The next writer in our series is Sharanya Deepak. Inspired by Roald Dahl’s writing space and routine, we have been asking our writers to tell us about their writing schedule.
Sharanya Deepak is the author of The Vampire Boy, a hOle book, the book of the month this month on the Duckbill Gang website.
OI have often wondered what it would be like to wake up everyday and breathe in fresh air. Maybe go for a run, cook breakfast and hum whilst. Listen to the birds and smile at the general beauty of life. After doing all this, I would sit down at a window that looks onto green fields to write my book.
There have also been alternate visions.
…I have wondered what it would be like to wake up at noon and have my mind racing from the sheer genius that was my existence. My brain would be revolting, even in sleep. My teeth would chatter as I typed vigorously on a typewriter (chain smoking for effect). I would be a writer of my time, churning prose against the state, exposing evils and bringing justice, and not taking ANY help from thesaurus.com.
I have often wondered all of this, but it is mostly while I log into my Facebook before opening both eyes or brushing my teeth. I have reacted to this wondering while I screamed at fictional Hemingway in Midnight in Paris insisting that “YOU DON’T KNOW WHAT IT’S LIKE TO LIVE IN TWO WORLDS, ERNEST!”. I have gone to bed everyday determined to wake up and learn the art of discipline, but the next day it has been Eleven a.m and time for a TLC Marathon.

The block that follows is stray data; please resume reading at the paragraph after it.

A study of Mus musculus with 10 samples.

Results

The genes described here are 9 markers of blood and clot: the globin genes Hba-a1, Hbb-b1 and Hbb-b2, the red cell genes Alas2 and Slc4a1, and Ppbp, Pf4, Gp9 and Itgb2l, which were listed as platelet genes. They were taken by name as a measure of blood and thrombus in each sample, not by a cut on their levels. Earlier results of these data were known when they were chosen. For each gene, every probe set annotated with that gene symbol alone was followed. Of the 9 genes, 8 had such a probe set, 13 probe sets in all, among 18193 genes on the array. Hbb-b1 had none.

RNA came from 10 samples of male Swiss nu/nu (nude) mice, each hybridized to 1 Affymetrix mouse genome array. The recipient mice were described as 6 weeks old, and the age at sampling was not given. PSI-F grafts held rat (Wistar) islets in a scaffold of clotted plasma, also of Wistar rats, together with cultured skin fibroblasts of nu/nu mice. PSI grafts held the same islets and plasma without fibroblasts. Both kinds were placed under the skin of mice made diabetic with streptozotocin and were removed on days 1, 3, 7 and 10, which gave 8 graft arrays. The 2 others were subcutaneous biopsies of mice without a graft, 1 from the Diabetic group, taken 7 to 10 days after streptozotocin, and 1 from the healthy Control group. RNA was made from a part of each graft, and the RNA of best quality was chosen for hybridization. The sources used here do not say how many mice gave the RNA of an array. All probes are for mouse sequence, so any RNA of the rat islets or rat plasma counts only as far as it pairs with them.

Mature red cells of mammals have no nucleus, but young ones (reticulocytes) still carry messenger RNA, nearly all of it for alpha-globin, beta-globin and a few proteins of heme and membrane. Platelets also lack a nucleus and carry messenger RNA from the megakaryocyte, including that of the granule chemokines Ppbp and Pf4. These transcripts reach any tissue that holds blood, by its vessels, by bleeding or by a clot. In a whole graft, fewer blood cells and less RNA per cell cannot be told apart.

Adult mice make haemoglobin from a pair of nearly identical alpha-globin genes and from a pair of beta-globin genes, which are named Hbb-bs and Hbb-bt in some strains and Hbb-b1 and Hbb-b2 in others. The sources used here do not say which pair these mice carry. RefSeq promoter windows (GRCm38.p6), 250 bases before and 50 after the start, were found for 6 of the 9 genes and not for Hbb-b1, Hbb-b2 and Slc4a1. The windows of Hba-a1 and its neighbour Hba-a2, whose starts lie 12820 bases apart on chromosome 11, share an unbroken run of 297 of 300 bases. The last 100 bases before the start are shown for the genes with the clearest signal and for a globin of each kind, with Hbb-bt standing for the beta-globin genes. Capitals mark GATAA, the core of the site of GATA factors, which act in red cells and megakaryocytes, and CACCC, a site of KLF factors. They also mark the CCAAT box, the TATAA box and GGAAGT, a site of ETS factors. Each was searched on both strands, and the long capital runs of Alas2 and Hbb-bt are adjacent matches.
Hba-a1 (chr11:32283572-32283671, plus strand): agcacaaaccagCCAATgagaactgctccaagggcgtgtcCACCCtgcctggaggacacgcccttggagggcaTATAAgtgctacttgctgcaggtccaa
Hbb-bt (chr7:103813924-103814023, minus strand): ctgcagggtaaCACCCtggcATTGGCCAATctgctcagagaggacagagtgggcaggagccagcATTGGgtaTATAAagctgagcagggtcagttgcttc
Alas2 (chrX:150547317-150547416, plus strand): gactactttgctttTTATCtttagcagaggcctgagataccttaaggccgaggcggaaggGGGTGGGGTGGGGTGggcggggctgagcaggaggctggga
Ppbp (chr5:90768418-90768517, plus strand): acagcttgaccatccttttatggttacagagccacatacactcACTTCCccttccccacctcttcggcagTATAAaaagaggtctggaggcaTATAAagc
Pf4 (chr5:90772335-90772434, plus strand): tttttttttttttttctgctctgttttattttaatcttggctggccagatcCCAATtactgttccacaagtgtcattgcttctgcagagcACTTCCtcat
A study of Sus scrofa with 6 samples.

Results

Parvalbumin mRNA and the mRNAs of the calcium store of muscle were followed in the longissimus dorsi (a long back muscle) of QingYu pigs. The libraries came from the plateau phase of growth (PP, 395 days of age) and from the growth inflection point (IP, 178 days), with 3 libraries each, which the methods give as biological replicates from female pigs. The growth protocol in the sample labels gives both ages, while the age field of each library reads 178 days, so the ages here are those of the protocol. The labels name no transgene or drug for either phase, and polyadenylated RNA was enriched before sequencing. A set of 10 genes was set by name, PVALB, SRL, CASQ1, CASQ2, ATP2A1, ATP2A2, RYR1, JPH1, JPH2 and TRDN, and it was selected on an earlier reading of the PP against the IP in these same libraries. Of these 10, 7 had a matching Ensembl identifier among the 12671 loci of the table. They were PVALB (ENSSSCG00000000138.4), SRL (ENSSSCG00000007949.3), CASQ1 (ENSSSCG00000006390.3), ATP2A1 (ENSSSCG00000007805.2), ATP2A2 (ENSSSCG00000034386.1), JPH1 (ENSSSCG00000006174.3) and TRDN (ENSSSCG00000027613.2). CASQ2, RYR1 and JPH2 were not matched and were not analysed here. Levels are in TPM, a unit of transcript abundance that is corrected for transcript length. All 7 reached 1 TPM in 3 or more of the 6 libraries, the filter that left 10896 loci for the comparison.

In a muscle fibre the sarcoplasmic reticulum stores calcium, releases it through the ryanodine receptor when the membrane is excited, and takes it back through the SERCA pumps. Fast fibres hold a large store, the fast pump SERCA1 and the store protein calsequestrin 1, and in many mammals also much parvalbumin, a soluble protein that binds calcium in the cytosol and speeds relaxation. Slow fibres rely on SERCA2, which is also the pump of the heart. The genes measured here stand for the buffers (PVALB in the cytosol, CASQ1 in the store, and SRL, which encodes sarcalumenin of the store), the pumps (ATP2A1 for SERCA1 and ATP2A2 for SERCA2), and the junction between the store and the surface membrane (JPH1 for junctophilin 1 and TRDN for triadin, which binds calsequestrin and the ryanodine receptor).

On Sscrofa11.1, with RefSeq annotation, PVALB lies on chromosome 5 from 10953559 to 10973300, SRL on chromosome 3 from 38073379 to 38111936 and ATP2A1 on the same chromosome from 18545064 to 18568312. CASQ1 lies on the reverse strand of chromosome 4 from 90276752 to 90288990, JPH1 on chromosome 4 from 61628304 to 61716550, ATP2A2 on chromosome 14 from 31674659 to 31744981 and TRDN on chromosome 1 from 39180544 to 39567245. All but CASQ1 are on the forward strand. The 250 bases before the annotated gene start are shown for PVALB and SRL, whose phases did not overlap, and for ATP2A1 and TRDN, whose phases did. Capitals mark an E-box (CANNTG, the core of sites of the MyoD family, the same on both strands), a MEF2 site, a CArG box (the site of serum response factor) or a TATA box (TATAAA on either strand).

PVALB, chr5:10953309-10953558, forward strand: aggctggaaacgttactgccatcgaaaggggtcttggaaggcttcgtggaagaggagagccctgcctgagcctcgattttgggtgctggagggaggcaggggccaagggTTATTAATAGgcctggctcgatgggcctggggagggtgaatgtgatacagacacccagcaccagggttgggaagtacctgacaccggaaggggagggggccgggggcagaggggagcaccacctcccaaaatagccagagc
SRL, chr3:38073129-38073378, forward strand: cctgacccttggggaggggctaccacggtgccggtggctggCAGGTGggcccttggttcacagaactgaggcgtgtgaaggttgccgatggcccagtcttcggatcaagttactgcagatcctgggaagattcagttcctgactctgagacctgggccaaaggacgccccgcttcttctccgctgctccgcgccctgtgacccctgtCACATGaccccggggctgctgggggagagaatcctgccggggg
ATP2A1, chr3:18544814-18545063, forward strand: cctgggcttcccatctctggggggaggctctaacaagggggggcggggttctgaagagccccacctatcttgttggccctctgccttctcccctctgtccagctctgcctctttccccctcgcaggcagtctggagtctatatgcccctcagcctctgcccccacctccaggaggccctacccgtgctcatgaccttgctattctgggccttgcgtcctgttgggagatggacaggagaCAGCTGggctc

The point of all the preceding drama is to illustrate that I have a hard time writing at home. Being at home makes me lazy. I cannot deny the allure of three lunches, endless meaningless liking of peoples’ things on Facebook or an entire morning spent taking ‘Which Game of Thrones character are you’ tests. Being at home makes me lazy, hysterical and sometimes incredibly sorry for myself. I wrote most of The Vampire Boy in McLeodganj. I’d go into patches of forest and find a spot to write. I would often go to cafes but not really get much done there as I usually ate myself sick. But it helped me to get away from home. Home is where I sit around and at my dog and eat bags of soya sticks. Home is where I do dances in my sister’s room as she tries to get work done and throws pencils at me.
These days I have tried getting out of the house to the nearest wifi cafe, and it has sort-of begun to work. I haven’t got much done in the past four months (I take every opportunity to complain— Sorry), but it helps to get out. But because cafes are expensive and also shut at night, I do still write at home. Sometimes late nights/early mornings I get a lot done lying in bed and pat myself on the shoulder for almost a week. Maybe one day all this will change. When I buy myself a beach house.
Then there shall be a lot of writing. And a good deal of humming.